Additional SBA Guidance on PPP Applicant Need Certification Issued Including Safe Harbor for Certain BorrowersMay 13, 2020
On May 13, 2020, the Small Business Administration (SBA), in consultation with the Department of Treasury, issued additional guidance pursuant to its Paycheck Protection Program (PPP) Frequently Asked Questions that in connection with the “need” certification borrowers make in their PPP application (i) provides a safe harbor for loans that are less than $2 million and (ii) offers additional information with respect to the SBA’s review of loans in excess of $2 million.
Previously, the SBA noted to borrowers that the PPP loan application includes a certification that “current economic uncertainty makes this loan request necessary to support the ongoing operations of the Applicant.” The SBA stated that as part of this certification, which is to be made in good faith, borrowers are to take “into account their current business activity and their ability to access other sources of liquidity sufficient to support their ongoing operations in a manner that is not significantly detrimental to the business.” As part of the SBA’s certification guidance, the SBA offered borrowers an opportunity to return loans without additional consequence by May 14. The SBA also stated that it planned to review all loans in excess of $2 million in connection with a borrower’s loan forgiveness application.
Pursuant to FAQ #46, the SBA creates a certification safe harbor for “any borrower that, together with its affiliates, received PPP loans with an original principal amount of less than $2 million.” In support of the safe harbor, the SBA notes that these borrowers are “generally less likely to have had access to adequate sources of liquidity in the current economic environment than borrowers that obtained larger loans.”
FAQ #46 goes on to state that loans in excess of $2 million will be subject to SBA review for program compliance, including the need certification. While the SBA does not provide further guidance on how a borrower is to assess and demonstrate need, the FAQ indicates that in the event the SBA determines that “a borrower lacked an adequate basis” for the needs certification the borrower will not be eligible for loan forgiveness. Upon such determination, provided the borrower repays the loan, then the SBA will not pursue enforcement action or refer the matter to other agencies. The SBA does not indicate whether the loan will need to be repaid immediately or whether it will set out repayment terms for the borrower.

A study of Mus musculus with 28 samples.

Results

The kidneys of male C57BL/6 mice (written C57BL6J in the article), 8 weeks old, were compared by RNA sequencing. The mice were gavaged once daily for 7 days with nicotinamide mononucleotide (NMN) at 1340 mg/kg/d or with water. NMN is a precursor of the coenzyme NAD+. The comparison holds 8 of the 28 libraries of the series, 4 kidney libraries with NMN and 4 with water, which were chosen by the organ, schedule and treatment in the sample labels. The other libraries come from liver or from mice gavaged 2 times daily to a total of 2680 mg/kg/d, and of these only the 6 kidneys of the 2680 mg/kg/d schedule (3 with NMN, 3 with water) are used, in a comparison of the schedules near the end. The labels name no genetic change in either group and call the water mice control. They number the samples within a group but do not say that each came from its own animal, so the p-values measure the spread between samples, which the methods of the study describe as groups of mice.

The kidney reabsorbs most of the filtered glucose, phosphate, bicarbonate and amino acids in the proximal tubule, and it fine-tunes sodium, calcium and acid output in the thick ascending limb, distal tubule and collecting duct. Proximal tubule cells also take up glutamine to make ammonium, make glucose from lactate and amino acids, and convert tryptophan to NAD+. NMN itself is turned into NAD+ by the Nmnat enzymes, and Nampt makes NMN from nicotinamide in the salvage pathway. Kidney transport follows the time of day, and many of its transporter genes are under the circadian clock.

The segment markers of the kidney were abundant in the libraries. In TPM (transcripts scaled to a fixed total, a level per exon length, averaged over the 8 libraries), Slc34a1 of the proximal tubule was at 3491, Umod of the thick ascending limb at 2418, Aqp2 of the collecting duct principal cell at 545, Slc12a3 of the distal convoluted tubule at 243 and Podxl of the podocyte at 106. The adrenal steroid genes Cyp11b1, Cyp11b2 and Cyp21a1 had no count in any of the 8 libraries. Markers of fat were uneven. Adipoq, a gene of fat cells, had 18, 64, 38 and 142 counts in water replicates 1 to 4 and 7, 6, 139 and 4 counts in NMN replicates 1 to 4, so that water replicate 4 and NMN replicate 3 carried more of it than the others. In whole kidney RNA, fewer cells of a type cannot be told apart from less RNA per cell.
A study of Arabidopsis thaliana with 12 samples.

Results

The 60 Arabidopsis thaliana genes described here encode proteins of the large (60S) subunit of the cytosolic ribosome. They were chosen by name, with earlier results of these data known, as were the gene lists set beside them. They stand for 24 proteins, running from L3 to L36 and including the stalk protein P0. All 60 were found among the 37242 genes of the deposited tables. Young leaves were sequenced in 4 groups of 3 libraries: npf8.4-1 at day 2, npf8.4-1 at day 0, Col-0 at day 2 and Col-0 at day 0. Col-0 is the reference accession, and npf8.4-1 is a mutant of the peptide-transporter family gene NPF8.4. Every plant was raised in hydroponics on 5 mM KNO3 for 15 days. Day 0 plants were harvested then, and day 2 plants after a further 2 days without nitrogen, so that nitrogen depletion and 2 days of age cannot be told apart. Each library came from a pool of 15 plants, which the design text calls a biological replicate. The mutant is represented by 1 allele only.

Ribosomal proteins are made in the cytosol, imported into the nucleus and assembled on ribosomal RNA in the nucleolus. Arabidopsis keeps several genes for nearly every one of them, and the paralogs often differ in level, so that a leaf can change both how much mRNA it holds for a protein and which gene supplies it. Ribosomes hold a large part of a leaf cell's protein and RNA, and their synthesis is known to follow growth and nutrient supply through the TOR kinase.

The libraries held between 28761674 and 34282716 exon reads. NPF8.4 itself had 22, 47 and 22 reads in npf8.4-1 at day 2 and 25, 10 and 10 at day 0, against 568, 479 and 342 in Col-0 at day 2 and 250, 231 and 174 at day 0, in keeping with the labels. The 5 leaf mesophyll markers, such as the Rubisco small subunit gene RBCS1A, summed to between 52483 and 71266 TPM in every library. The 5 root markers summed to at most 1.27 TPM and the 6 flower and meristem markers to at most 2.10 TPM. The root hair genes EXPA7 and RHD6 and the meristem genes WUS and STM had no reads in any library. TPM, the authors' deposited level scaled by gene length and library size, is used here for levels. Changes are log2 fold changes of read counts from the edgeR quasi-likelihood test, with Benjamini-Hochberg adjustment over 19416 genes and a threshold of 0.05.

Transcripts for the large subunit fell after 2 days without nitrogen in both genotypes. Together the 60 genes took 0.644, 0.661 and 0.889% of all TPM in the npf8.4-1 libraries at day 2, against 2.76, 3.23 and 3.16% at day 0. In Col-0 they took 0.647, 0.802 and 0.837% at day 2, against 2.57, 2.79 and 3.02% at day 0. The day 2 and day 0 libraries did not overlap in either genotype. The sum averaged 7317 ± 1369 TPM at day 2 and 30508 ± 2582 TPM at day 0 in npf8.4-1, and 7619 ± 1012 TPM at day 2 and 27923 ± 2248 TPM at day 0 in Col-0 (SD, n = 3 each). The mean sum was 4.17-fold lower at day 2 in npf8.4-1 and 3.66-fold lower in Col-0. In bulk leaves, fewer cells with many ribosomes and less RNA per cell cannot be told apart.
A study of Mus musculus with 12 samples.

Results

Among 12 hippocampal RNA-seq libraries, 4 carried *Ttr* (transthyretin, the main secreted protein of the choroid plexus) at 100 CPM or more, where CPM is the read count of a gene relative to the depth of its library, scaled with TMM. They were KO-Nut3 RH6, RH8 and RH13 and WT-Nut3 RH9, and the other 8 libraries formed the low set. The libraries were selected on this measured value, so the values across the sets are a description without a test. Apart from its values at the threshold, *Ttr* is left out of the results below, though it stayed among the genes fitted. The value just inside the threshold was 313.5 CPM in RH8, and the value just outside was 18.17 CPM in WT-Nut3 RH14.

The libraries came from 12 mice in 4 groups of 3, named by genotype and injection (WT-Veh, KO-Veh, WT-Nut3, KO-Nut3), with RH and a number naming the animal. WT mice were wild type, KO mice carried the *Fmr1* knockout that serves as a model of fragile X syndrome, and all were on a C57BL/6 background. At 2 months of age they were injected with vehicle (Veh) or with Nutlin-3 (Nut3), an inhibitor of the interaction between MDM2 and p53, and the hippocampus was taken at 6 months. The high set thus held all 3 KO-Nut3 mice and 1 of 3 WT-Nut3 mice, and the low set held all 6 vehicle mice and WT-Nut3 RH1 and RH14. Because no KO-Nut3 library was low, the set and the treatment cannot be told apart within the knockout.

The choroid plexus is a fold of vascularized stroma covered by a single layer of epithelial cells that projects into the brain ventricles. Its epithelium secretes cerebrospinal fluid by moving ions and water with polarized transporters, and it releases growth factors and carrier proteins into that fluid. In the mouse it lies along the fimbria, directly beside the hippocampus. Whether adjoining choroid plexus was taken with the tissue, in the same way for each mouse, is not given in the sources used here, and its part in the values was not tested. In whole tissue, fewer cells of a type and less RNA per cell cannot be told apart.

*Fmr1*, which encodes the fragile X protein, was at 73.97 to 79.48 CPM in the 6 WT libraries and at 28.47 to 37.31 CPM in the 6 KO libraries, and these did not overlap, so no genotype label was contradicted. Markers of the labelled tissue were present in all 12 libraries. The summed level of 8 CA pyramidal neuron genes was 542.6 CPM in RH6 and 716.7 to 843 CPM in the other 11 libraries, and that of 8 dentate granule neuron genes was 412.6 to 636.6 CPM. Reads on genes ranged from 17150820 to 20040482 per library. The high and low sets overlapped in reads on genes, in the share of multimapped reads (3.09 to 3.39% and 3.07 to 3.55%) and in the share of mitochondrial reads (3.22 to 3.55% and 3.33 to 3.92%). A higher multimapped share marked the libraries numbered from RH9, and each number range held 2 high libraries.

In connection with the need certification, borrowers are required to have undertaken the good faith determination and should document how it undertook this determination. While this analysis will be dependent on the circumstances of the particular borrower, factors to consider include, but are not limited to: (i) uncertainties and changes with respect to revenues or revenue forecasts; (ii) existing indebtedness and access to additional liquidity; and (iii) businesses ability to retain employees without the loan.
Since the review will occur in connection with a review of borrower’s application for loan forgiveness, borrowers are awaiting guidance from the SBA on how the forgiveness process is to be undertaken. We will provide a further update upon release of such guidance.
For more information on this or other matters, please contact:
Andrew C. Gold at +1 212 592 1459 or [email protected]
Eric A. Stabler at +1 212 592 5982 or [email protected]
Patrick J. O’Sullivan, Jr. at +1 212 592 1503 or [email protected]
© 2020 Herrick, Feinstein LLP. This alert is provided by Herrick, Feinstein LLP to keep its clients and other interested parties informed of current legal developments that may affect or otherwise be of interest to them. The information is not intended as legal advice or legal opinion and should not be construed as such.